And HGV drivers aren’t always using their phones for directions, to make work calls or other functions related to their jobs (not that this would excuse mobile phone use in any way) but rather many are on social media, taking photos or – as in the recent case of HGV driver Tomasz Kroker – changing the music in the cab.

Cab Cam Stings Reveal Shocking Images

The HGV community, and the entire country, has been rocked by the recent news that a family of four were killed by an HGV driver for a completely avoidable reason. Tomasz Kroker, 40, was looking at his phone while driving on the M20 near Ashford, Kent, when he hit a car at 50 miles per hour 10 August 2016. In the car were 45-year-old Tracy Houghton, her sons Ethan, 13, Josh, 11, and her step-daughter Aimee Goldsmith, also 11. All four were killed instantly, while Tomasz Kroker survived.

 The horrific accident was captured in footage from inside Tomasz Kroker’s cab, and the in-cab footage has now been released to the public in an attempt to spread awareness of the dangers of driving while being distracted by a mobile phone.

As a result of this tragic accident, the Daily Mail has also launched an investigation into HGV drivers’ phone use, and has observed and shared photos of HGV drivers illegally using their phones whilst driving. In a 90-minute period on the M20, the same road where Tomasz Kroker killed a woman and three children and just 24 hours after the accident, the Daily Mail spotted 17 drivers using their phones while on the move. This included one driver using both hands to fiddle with his phone, while paying no attention to the road.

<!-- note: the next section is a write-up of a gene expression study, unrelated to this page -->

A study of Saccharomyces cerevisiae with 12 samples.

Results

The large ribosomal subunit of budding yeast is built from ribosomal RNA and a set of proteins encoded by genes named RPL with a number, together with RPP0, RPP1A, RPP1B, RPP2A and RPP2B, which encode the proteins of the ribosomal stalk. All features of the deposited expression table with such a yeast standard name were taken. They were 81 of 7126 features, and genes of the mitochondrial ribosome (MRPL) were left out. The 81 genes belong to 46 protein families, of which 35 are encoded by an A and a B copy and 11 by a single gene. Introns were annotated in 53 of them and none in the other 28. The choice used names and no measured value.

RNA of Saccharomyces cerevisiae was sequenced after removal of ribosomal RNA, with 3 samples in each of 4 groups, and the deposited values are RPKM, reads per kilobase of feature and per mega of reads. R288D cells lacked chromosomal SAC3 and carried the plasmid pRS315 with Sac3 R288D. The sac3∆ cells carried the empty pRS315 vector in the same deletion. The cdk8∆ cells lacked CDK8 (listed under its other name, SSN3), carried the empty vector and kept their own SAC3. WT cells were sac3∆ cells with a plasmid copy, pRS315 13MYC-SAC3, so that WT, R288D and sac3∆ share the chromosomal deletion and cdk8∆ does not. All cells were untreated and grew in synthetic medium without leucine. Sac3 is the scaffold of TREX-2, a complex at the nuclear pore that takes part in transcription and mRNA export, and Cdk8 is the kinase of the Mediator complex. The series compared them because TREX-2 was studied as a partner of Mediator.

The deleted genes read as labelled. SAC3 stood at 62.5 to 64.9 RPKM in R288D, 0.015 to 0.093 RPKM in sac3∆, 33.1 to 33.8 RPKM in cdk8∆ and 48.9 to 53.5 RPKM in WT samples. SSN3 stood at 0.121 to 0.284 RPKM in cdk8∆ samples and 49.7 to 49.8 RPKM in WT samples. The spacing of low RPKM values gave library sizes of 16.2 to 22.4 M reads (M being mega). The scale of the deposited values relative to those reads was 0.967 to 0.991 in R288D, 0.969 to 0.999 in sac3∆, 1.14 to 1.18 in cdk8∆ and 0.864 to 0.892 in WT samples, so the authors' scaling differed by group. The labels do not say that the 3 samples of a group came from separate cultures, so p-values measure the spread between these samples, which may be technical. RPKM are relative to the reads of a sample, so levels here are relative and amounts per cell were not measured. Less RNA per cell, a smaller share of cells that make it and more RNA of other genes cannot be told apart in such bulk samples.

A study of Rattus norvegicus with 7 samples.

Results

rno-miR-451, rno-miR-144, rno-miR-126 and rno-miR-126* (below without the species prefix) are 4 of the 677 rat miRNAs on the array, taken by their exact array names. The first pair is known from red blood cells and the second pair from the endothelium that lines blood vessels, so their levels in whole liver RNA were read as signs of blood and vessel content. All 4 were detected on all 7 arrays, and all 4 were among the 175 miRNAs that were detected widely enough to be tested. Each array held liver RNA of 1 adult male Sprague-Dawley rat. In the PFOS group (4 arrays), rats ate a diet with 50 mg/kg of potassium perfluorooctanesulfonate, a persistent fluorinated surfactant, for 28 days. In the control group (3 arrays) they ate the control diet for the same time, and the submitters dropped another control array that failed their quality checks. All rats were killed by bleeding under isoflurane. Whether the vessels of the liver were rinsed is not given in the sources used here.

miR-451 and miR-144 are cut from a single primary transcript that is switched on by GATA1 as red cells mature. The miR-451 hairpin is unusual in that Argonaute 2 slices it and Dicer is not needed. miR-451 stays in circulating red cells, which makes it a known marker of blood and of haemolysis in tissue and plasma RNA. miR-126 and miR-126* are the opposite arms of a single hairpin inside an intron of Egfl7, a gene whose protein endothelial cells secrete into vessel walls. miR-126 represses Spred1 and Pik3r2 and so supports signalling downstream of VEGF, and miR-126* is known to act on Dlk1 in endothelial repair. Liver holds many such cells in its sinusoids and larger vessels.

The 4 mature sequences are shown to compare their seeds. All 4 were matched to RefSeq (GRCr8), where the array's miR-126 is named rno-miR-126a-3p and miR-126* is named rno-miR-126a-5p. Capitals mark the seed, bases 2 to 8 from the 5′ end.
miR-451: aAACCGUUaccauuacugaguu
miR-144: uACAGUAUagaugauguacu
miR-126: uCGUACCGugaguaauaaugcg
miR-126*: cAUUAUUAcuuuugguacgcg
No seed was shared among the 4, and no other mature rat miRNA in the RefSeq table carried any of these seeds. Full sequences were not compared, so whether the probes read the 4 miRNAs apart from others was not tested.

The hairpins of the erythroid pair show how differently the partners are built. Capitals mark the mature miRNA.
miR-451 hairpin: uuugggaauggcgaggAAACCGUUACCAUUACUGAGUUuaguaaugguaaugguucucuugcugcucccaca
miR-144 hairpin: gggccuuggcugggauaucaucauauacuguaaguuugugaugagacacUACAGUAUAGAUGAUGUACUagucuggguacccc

What can ultimately be done about this dangerous negligence remains to be seen – if a terrible accident the previous day doesn’t deter drivers on exactly the same stretch of road, then measures need to get much tougher. The police recently launched a new initiative, whereby an unmarked HGV drives the highways of the UK and photographs HGV drivers who are driving without due care and attention. HGV cabs are too high off the road for a police car to be able to spot any driver using their phone, but with another HGV it’s possible to see, snap and stop drivers caught displaying this terrible habit.

Police Powers Waning

Fines for drivers using their phones are actually decreasing, with police handing out just 46 fixed-penalty notices a day, and the total given to drivers in England and Wales down from 123,100 in 2011 to just 16,900 in 2015. This is despite figures such as the AA poll showing that mobile phone use while driving is actually causing more accidents as time goes on. Mobile phone use is now the single biggest cause of all road traffic accidents in the UK, according to the AA poll. The RAC puts this reduction in fines down to a lack of police resources to be able to find and effectively tackle these haphazard drivers in action.

 Safe drivers would no doubt welcome tougher sentencing and penalties for unsafe drivers caught using their mobile phones while driving. Terrible accidents like that involving Tomasz Kroker ruin not only the lives of the victims and their families, but also the lives of the HGV drivers involved and those of their families, as the driver is usually likely to be jailed for a long time.

DFT Calls For More Penalties

Earlier this year, the Department for Transport proposed tougher penalties for drivers found using their mobiles phones, and this latest accident is likely to have an impact on those discussions. At HGV Training we are thorough about teaching all our drivers to be safe, including restricting the use of mobile phones only to times when it can’t affect the safety of their driving. We join the calls for much tougher and more consistent measures to catch HGV drivers who don’t take the right care.

 What do you think can or should be done about this problem?